In continuation of Storytelling, here are a few examples of storytelling techniques that you might want to use.

All of these are based on already-established narrative techniques from the cinema and the written worlds; you can, and should, find even more, by doing a little research into the matter.

Changing the View Point

Personal retrospective – Recalling the events as if told by your character, heavily coloured by her personal views, ego, biases, foggy memory, and all of our other normal mortal faults, leading to embellishing the facts, filling up forgotten details, etc.

Reported by a 3rd party – Delivering the tale as if it was a report on a newspaper (serious? tabloid? gossip?), or other media (tweet? town crier? a report given to the king by his spy?). Perhaps just telling it the way an innocent bystander saw it, which might be perceived very differently from how it looked from “the inside”.

Following something else – Focusing “the camera” on an object, (weapon, piece of clothing, toy, perhaps even a baby), and showing what happened to it and around it during a single event (like the opening scene from Guardians of the Galaxy Vol. 2, with Groot), or across several events, perhaps even years.

Quiet vignette – Showing a series of locations or events, with no dialogue. Letting the background, or the aftermath of events, tell the tale for you.

Documentary – Following someone or something as it happens, perhaps even through casual, non-dramatic events, that help build a larger scope understanding of the main elements. Probably with dramatic narration.


Playing With the Structure

A single part – Telling only the beginning, middle (in medias res) or end of the story. This is easy to do, and can be surprisingly impactful.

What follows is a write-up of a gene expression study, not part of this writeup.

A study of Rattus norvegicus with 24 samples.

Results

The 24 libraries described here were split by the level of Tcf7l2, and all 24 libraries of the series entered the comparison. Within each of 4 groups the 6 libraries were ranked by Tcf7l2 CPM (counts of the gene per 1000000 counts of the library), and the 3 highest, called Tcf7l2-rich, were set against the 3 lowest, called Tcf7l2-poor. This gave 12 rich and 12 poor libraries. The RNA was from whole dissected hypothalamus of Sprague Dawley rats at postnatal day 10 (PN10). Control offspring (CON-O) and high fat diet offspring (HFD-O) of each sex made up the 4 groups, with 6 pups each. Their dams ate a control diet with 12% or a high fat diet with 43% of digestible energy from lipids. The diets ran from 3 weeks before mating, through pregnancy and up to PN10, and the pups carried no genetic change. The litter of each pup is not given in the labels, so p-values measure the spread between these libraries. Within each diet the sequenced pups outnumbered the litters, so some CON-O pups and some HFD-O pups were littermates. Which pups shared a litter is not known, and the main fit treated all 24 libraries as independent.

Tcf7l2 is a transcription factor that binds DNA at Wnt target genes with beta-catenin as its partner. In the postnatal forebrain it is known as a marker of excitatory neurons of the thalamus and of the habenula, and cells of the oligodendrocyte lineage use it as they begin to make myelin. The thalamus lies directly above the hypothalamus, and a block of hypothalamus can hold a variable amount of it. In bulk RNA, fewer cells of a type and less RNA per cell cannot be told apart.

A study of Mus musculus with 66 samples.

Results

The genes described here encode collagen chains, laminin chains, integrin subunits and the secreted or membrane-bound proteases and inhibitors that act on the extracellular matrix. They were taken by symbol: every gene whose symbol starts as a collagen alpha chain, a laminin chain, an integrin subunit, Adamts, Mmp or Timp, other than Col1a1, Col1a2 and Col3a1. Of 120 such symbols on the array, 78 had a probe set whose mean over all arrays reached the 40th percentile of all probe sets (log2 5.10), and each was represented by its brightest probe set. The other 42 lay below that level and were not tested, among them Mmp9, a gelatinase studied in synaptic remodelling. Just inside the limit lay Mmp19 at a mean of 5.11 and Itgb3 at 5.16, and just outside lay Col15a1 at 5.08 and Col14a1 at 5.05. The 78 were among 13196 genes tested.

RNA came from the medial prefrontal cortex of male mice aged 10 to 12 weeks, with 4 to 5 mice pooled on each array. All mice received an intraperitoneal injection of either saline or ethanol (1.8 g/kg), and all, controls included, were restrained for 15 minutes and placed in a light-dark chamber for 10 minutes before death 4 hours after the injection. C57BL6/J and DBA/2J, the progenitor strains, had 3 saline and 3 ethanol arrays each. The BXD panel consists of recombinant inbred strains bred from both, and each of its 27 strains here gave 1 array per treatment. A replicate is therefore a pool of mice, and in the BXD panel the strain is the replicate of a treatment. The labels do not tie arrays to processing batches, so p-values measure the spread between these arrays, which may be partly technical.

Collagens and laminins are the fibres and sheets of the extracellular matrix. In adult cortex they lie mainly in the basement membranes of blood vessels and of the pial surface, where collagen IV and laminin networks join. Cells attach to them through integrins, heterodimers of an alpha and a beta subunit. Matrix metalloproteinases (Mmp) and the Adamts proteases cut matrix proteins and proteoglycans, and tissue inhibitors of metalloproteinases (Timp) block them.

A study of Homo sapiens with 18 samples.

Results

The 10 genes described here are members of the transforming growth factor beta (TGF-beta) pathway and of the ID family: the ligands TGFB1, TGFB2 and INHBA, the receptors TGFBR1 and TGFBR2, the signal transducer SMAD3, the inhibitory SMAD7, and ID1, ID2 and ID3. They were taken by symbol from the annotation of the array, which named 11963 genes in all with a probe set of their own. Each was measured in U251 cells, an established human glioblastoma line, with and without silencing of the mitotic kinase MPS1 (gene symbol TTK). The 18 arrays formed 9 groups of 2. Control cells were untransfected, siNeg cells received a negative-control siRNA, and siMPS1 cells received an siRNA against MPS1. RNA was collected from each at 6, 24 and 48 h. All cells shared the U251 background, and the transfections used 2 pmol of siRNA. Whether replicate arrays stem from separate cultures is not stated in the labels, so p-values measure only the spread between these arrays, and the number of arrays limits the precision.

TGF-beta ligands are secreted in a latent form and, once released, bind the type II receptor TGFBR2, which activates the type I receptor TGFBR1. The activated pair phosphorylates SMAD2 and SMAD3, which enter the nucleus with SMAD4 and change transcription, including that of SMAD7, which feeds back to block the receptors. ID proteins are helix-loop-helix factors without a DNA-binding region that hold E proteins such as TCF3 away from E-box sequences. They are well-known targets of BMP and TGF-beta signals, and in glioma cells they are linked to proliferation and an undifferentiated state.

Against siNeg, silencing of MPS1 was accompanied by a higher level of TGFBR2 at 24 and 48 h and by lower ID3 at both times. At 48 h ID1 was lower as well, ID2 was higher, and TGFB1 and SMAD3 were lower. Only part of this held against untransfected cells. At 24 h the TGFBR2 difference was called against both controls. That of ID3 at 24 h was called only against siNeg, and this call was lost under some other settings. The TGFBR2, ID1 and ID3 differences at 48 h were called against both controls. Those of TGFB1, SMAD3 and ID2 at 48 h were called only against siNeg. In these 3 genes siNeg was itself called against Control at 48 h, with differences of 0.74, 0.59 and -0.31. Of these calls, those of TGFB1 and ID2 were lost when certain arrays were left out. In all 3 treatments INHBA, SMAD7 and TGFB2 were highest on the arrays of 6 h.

Switching back and forth – A classic method, used by many heist or suspense movies, is to reveal various elements from the beginning and the middle, only at the end. Also worthy of note: flashback.

Action scene – Playing the scene as a regular, in-game action scene, using all the usual mechanics, narrating it as it goes.

With others – Bringing in other players as you tell your story, either scripted or improvised, with or without pre-establishing a narrative with them.


Alternate Forms

Song – Short or long; original or cover; pre-written or improvised.

Letter  Personal, to a friend or family member; official, as a memo, a request, or new orders being issued; a complaint to the company; a wanted ad on the notice board; a journal entry by the gatekeeper.

Actual form – Creating, and then creatively filling, an official bureaucratic form about something that is relevant to your subject, in a way that is relevant to your subject.

List – Either short (names only) or with a little summary/reminder. Tasks for the day; people to kill; shopping list; goals to be achieved.